Hewlett-Woodmere School District residents can choose from seven candidates running to fill five seats on the Board of Education in next Tuesday’s election.
Current Board President Debra Sheinin, Trustee Judy Menashe, former Trustee Dr. Jon Altus, Shari Amitrano, Francois Tenenbaum, Dr. Tatyana Kopp and Ramsha Ansari are on the ballot.
Those with the three highest vote totals will gain full three-year terms that begin on July 1. The next two will serve a two-year term and a one-year term, to complete the terms of former Trustees Paul Critti and Daniella Simon, respectively. Both moved out of the district earlier in the school year.
Sheinin, 46, has been a trustee since 2018. She was named president last July, and she is running alongside Menashe, Altus, Amitrano and Tenenbaum as a bloc. “All five of us have something unique to offer to the district,” Sheinin said. “We’re five active members of the community only looking for the best for the district. It’s so important that’s how the board remains.”
She added that the way the district and board were able to come up with a reopening plan shows the efficiency of the board. “We were one of the first districts to have our elementary schools full-time,” Sheinin said. “I think a lot of that has to do with how our board works with our superintendent. Nothing is just one person; this is a team collaboration.”
Menashe, 49, a trustee also since 2018, is a lifelong Woodmere resident and a 1989 graduate of Hewlett High School. With five seats open, she said, it’s important to maintain consistency on the board.
“I feel that I’m a good candidate for re-election because of my knowledge and experience I’ve had with our district over the past 18 years,” Menashe said. “I am in constant communication with the parents of the district, and I understand what their desires are for the future of our district.”
Altus, 61, a pulmonary and critical care doctor at Mount Sinai South Nassau hospital, served on the board from 2012 to 2018. He said that his previous experience as a trustee would be valuable to the board going forward. “I treated many patients in the thick of the Covid-19 pandemic,” Altus said. “I hope my experience in leading teams of professionals during the crisis will be of value to the school district as we navigate through dealing with the pandemic and its aftermath.”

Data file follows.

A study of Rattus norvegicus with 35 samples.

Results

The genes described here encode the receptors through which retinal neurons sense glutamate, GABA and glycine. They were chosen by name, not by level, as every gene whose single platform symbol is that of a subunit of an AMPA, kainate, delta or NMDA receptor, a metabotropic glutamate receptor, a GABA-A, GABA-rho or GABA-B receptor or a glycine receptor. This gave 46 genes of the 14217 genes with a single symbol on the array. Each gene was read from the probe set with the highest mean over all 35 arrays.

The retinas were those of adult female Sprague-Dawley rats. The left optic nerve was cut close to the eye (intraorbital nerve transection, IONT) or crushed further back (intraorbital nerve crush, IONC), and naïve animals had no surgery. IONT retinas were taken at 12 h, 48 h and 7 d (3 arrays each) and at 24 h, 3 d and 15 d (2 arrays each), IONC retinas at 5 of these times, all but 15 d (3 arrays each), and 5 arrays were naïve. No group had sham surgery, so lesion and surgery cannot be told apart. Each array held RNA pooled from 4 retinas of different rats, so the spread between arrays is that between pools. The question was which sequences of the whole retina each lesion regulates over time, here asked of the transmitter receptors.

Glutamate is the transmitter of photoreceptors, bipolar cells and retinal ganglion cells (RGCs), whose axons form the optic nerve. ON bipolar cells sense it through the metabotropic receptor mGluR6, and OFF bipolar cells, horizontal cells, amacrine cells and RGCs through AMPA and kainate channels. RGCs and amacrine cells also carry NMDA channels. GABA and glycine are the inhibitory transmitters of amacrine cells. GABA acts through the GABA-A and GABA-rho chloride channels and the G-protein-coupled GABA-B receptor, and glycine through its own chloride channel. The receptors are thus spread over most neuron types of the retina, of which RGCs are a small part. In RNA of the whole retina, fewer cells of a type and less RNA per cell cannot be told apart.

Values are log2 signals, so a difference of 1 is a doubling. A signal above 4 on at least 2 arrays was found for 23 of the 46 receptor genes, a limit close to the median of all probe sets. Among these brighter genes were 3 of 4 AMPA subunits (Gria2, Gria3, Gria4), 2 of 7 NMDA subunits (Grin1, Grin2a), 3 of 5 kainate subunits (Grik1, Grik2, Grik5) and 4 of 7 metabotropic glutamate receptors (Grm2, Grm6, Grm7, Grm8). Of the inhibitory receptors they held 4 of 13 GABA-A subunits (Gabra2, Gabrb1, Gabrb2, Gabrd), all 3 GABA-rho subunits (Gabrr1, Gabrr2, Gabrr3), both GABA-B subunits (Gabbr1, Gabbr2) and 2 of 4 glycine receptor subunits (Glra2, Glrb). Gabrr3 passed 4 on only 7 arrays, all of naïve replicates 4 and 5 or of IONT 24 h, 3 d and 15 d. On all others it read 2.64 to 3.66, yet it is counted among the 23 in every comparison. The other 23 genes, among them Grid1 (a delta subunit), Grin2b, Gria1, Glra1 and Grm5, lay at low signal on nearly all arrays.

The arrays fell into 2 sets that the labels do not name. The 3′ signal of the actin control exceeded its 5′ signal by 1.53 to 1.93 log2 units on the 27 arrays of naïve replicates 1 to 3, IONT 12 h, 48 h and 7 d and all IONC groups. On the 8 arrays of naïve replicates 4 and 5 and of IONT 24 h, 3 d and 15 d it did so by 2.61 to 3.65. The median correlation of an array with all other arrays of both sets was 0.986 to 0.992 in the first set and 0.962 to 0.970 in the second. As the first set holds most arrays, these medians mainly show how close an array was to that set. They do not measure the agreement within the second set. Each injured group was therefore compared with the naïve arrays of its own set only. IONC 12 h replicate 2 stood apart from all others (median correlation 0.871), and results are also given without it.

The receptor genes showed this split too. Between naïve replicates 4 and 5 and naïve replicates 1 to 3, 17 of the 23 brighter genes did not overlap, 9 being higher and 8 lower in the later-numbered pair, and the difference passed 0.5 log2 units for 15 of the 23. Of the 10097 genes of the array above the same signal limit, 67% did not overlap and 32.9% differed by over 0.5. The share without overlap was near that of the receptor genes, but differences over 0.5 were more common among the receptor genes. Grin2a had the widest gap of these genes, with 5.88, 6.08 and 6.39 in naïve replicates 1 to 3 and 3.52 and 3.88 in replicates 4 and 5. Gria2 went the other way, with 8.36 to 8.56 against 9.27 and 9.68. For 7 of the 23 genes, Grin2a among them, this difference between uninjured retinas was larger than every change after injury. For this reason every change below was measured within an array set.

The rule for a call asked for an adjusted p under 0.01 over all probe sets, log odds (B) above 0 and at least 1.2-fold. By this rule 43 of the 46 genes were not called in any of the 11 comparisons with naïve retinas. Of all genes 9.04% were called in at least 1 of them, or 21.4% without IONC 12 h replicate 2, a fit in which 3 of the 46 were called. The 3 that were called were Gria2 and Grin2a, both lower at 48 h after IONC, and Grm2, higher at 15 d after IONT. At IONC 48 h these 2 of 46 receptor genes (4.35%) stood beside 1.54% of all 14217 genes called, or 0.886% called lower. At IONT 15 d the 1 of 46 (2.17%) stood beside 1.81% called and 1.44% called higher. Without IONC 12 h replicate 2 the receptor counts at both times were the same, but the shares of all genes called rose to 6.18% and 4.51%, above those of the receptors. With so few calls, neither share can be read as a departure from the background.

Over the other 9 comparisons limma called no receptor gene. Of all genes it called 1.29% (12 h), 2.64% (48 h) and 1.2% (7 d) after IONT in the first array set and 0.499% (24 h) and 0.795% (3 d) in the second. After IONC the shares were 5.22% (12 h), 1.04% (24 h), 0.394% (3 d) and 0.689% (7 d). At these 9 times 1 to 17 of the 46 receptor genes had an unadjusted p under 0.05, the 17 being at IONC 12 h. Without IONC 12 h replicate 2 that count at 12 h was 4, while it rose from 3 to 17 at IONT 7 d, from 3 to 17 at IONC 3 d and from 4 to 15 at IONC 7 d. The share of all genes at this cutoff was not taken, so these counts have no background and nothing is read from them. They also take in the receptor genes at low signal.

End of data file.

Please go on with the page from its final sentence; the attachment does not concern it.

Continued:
Amitrano, 48, is a 1990 Hewlett High graduate and has two children attending district schools. She has worked in the financial services industry for over 25 years, and noted that the skills she has used in her career can help her be an effective board member.
“My career has allowed me to gain the knowledge and expertise needed to be able to serve this community,” Amitrano said. “I’m fiscally responsible, and my inquisitive line of thinking will help support the need to ask challenging and thought-provoking questions. As a business coach to those I serve, I’m also a great listener, which is another skill that’s imperative when understanding the needs of the community and allowing people to be heard.”
Tenenbaum, 47, an entrepreneur who has served in the PTA for nearly six years, said he believed he would bring a “fresh perspective” to the board. “When my kids started going to school, I started getting involved to help shape the school district my kids will grow up in,” Tenenbaum said. “I believe I can bring an outside-the-box mentality to the board by coming with different ideas and perspective.”
Kopp, 35, is a neonatologist — a doctor who treats newborns with birth defects, breathing disorders and infections — and an active PTA member. Serving on the board has been on her mind for “quite some time,” she said. “Although I may be younger than most who have run for the position or who have been elected, I have accomplished a lot throughout my years,” Kopp said. “I now would love the opportunity to bring my skills and experiences to District 14 as a board member, not to make everything ‘new,’ but to contribute to the continued growth both academically and socially/emotionally that our district has had so far.”
Ansari, 28, a 2011 Hewlett High graduate, is an attorney. “I will be able to review the budget and all proposals with fresh eyes and offer ideas and methods that may not have been considered before,” she said. “As a lawyer, it is my job to carefully listen to my client’s needs, listen to the other side’s arguments, read and analyze the law, and passionately advocate for my clients within the confines of the law.”
Ansari said she would focus on mental health and school safety. “If I were to be elected, I will take a look at how we allocate our resources towards mental health,” she said. “I think being vocal and having an open conversation about it will help take the stigma away from it. I would be more than happy to talk about my own experiences with mental health.”
Along with the school board, the Hewlett-Woodmere Public Library has one trustee candidate. North Woodmere resident Ellen Vaknine is running unopposed for a five-year term, and would replace Trustee Frank Zaret, who is stepping down.
Voting will take place from 7 a.m. to 10 p.m. at the Woodmere Education Center, at 1 Johnson Place. For more on the election, go to https://bit.ly/3cyJsKH or contact the district clerk on school days between 8 a.m. and 4 p.m., at (516) 792-4883.